Accessibility February 28, 2019
Need to make Oscars more inclusive rises, honouring audio describers can be a start
Oscars 2019 concluded last Monday. Talented artists and technicians from international cinema were honoured at the world’s most prestigious award ceremony. Even though there are many discussions about inclusion in cinema, disabled categories are sidelined in most international film festivals and award functions including the Oscars. Audio describers are one amongst them.
Audio description, most commonly referred as visual description is an additional track that is intended primarily for blind and visually impaired audience. It helps them to get a detailed and better idea of what is happening on-screen. Movie watching experience becomes more fun for blind and visually impaired people with the help of these audio descriptions because you get descriptions of the settings and even about what the actor’s outfits are! In fact, it is an inevitable aspect for a blind movie-goer.
People from blind community point out that there must be an exclusive category to award audio describers who make movie watching experience enriching for blind audience.
Maitreya Shah, who is blind, is a Disability Rights Activist and a law student. Shah says that adding audio describers in the award category is a great way to promote inclusion.
Audio descriptions are something that is quite difficult to deliver. It must be set precisely because too much of it can spoil your movie watching experience. Audio descriptions have to be accurate without any unwanted information. It has to be within time loops and must not overlap as well. For the past couple of years, there has been an increasing demand to add an exclusive category for audio describers for award functions. That is one way of making such events more diverse. A documentary on menstruation received award at the recent Oscars which is also a great way of accepting diversity. I believe audio describers must be felicitated at Indian award functions too. After all, they are the ones who make movie experience enriching to blind and visually impaired audience-Maitreya Shah, Disability Rights Activist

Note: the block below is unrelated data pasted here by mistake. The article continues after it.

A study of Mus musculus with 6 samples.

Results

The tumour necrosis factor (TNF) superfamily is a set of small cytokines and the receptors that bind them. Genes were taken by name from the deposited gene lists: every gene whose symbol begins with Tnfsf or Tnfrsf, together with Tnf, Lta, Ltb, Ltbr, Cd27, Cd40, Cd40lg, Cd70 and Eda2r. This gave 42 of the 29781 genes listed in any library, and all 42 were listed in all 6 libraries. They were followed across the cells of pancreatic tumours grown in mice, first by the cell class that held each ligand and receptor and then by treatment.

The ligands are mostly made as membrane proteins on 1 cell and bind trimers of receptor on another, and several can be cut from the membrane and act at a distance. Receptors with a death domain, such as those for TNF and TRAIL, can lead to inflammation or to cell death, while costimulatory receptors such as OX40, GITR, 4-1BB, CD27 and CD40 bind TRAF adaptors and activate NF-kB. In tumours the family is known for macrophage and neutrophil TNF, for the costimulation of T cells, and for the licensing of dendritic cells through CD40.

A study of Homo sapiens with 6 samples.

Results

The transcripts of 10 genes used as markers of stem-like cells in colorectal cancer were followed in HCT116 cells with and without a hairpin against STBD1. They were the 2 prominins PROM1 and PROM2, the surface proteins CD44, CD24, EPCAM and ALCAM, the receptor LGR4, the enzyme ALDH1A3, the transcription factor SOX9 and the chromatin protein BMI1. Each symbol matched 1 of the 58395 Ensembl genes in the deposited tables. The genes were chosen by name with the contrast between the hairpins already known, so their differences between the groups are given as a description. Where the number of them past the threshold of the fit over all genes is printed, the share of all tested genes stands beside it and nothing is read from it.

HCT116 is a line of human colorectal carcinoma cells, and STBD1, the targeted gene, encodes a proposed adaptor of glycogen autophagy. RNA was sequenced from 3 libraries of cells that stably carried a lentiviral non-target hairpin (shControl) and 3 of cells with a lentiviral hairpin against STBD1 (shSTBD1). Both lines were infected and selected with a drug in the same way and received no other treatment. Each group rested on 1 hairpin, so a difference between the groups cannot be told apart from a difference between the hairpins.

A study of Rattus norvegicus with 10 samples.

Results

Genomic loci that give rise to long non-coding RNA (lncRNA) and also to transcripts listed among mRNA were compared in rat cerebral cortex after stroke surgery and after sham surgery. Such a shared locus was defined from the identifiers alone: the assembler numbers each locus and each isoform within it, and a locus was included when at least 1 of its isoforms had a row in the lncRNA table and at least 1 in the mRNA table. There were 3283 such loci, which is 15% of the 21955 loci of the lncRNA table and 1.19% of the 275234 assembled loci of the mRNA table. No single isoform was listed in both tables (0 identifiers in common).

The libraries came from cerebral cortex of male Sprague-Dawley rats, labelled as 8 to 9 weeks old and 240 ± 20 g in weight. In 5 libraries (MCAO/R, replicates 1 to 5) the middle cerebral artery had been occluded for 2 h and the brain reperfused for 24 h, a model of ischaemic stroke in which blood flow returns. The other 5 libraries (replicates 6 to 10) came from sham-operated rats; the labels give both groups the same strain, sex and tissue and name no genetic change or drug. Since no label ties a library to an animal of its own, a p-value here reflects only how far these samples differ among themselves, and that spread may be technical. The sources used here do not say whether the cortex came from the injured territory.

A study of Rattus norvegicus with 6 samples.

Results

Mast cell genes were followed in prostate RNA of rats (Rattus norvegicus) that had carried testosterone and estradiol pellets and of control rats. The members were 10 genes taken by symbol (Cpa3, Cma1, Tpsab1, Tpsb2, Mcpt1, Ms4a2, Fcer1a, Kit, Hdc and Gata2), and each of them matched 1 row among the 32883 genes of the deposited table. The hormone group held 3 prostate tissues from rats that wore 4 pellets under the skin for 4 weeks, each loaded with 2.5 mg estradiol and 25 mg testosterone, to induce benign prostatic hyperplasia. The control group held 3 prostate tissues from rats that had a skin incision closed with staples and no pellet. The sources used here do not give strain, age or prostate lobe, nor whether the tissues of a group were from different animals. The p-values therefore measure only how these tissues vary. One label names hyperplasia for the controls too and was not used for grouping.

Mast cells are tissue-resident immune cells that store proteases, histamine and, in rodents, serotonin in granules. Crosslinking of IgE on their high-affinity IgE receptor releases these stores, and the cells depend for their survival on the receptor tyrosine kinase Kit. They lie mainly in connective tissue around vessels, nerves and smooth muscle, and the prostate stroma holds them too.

For a blind or visually impaired audience, audio descriptions are as important as cinematography or editing of a film. People with vision will be surprised by the way how audio descriptions can turn out. In fact, they can understand and analyze many parts of the film through audio descriptions, parts that they might have missed. In western countries, there are many people with vision who switch over to audio descriptions while cooking or driving.
Even though audio description began as an accessibility aid, it is more or less an art in itself. That is precisely the reason why it must be honoured and accepted at art festivals.
Simran Chawla is a blind beauty queen. She is yet to watch a movie with audio descriptions. But Chawla says that it is a great initiative which she would love to try out.
“Audio descriptions seem so interesting. You can watch a movie without asking the person who is with you about what is happening on-screen. You also get a detailed description about what they are wearing and about the settings as well. It is amazing. It is high time that such an art is honoured”, says Chawla.